Chronic subdural hemorrhage (SDH) will be the most common adult brain condition requiring neurosurgical intervention in the US by 2030, suggests a new study conducted by researchers at NYU Langone Medical Center. And hospitals and neurosurgeons may be under-manned to handle the projected onslaught of patients.
The researchers are publishing their findings in the Journal of Neurosurgery.
AdvertisementSubdural hemorrhage, also known as subdural hematoma, is bleeding on the surface of the brain, usually caused by trauma to the head. It is more common in the elderly because of increased brain atrophy, greater use of anti-coagulant medications and thinning of the delicate vessels stretching between the surface of the brain and its coverings. As a consequence, even minor head injuries can result in bleeding on the surface of the brain that can accumulate over time and lead to serious complications. The causative trauma can be so minor that, in fact, many people with SDHs have no history or recollection of a head or brain trauma incident.
SDHs are also more common in military veterans and in people with a history of alcohol abuse.
While clinicians know that certain populations have a greater likelihood of SDHs, precise incidence rates in the United States are unknown.
Research led by Dr.Uzma Samadani, chief of neurosurgery at New York Harbor Health Care System and assistant professor in the Departments of Neurosurgery, Psychiatry, Neuroscience and Physiology at NYU Langone, sought to quantify the future incidence rates for chronic SDH in US Veterans Administration (VA) and civilian populations. They looked at current data from VA hospital visits where SDHs were diagnosed, as well as civilian incidence rates from Finland and Japan where accurate incidence records are available to create a mathematical model. This model, which accounted for age, gender and alcohol consumption, was designed to predict the incidence of SDH that would occur from 2012-2040 as the population ages.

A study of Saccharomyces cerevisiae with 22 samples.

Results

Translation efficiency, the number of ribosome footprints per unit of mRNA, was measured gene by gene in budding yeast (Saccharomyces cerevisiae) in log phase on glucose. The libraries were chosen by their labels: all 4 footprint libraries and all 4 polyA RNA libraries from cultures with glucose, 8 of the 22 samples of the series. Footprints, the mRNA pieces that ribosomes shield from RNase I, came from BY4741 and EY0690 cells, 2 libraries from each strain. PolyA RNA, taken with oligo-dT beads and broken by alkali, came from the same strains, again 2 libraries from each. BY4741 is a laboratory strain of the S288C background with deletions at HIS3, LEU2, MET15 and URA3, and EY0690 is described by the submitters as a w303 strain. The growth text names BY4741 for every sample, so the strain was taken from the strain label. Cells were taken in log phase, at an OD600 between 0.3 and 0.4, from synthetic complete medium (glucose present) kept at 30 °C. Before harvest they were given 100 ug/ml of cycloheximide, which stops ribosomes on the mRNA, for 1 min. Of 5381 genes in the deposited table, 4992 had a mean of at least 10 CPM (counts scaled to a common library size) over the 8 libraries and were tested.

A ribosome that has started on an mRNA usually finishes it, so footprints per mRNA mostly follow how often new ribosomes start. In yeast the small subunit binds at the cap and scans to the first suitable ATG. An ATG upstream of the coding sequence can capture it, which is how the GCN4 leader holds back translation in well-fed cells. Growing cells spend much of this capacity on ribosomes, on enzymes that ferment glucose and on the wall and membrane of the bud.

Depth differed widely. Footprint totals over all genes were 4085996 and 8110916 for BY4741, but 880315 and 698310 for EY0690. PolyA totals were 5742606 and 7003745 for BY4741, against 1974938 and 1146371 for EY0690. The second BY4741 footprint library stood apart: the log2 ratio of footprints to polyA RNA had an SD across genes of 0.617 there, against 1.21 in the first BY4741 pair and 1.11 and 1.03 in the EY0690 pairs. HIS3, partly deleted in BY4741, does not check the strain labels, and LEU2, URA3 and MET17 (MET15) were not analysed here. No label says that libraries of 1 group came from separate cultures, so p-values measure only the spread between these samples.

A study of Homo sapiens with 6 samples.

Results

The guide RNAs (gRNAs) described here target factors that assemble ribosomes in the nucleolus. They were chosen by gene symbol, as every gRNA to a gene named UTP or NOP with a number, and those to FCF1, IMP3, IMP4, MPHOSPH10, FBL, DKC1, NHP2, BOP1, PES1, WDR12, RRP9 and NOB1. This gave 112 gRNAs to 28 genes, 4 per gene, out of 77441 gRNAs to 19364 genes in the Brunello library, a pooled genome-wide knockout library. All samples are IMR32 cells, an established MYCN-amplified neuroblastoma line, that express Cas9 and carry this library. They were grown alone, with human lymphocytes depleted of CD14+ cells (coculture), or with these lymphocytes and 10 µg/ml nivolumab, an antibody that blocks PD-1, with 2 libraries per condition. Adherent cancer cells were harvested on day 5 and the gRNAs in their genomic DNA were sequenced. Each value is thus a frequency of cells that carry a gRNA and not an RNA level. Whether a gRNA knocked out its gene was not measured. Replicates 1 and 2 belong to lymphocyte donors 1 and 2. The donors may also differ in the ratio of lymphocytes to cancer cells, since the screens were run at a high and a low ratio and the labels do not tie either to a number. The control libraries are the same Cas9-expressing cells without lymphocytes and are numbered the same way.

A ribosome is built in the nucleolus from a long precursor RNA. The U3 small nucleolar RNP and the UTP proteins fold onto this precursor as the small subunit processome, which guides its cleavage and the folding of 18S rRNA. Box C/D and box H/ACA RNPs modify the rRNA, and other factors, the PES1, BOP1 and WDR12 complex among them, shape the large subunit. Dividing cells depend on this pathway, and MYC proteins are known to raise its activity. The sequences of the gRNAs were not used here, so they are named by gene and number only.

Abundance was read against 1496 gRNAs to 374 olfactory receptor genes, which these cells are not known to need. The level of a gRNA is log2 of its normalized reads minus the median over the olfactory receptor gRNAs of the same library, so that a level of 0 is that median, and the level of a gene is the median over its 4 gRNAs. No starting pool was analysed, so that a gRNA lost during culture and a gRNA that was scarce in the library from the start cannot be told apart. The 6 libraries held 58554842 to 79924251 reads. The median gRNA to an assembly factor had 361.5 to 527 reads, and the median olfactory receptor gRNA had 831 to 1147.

Records from VA hospital visits from 2000-2012 showed that 695 new SDHs were identified, with 29% of these cases requiring a surgical drainage procedure. This translated to 79.4 SDHs per 100,000 veterans. In addition, more than 70% of SDHs occurred in patients 65 years of age and older. Based on this information, Dr. Samadani and her team determined that by 2030, when the US population has aged to the extent that as many as 25% of people will be older than 65, the incidence of chronic SDH will reach approximately 121.4 cases per 100,000 people in the VA population and 17.6 cases per 100,000 people in the general U.S. population.
"This study suggests that the medical community, particularly those caring for our aging veterans, may need to dedicate more healthcare resources for the prevention and management of SDH," says Dr. Samadani, who is also co-director of the Steven and Alexandra Cohen Veterans Center for the Study of Post-Traumatic Stress and Traumatic Brain Injury at NYU Langone. "In 15 years, drainage for SDH will likely be the most common type of adult brain surgery performed, surpassing the number of operations required for brain tumors. If we can identify patients at risk and prevent brain atrophy from occurring as Americans age, we may be able to slow this trend. If not, we are going to need increased neurosurgical and rehabilitation capacity to manage these patients."
SDH surgical patients also are more likely to have lengthy hospital stays as determined by an assessment of patients treated for SDHs at the New York Harbor VA during 2008-2010, which showed that SDH patients were in the hospital significantly longer than patients being surgically treated for brain tumors. The SDH patients tended to require more intensive physical therapy and rehabilitation than other cranial surgery patients.
Dr. Samadani adds: "We have a very large population of elderly and the last of the 77 million baby boomers will have turned 65 by 2030. We can anticipate that 60,000 Americans per year will develop chronic SDHs. Knowing what is ahead of us gives us time to prepare."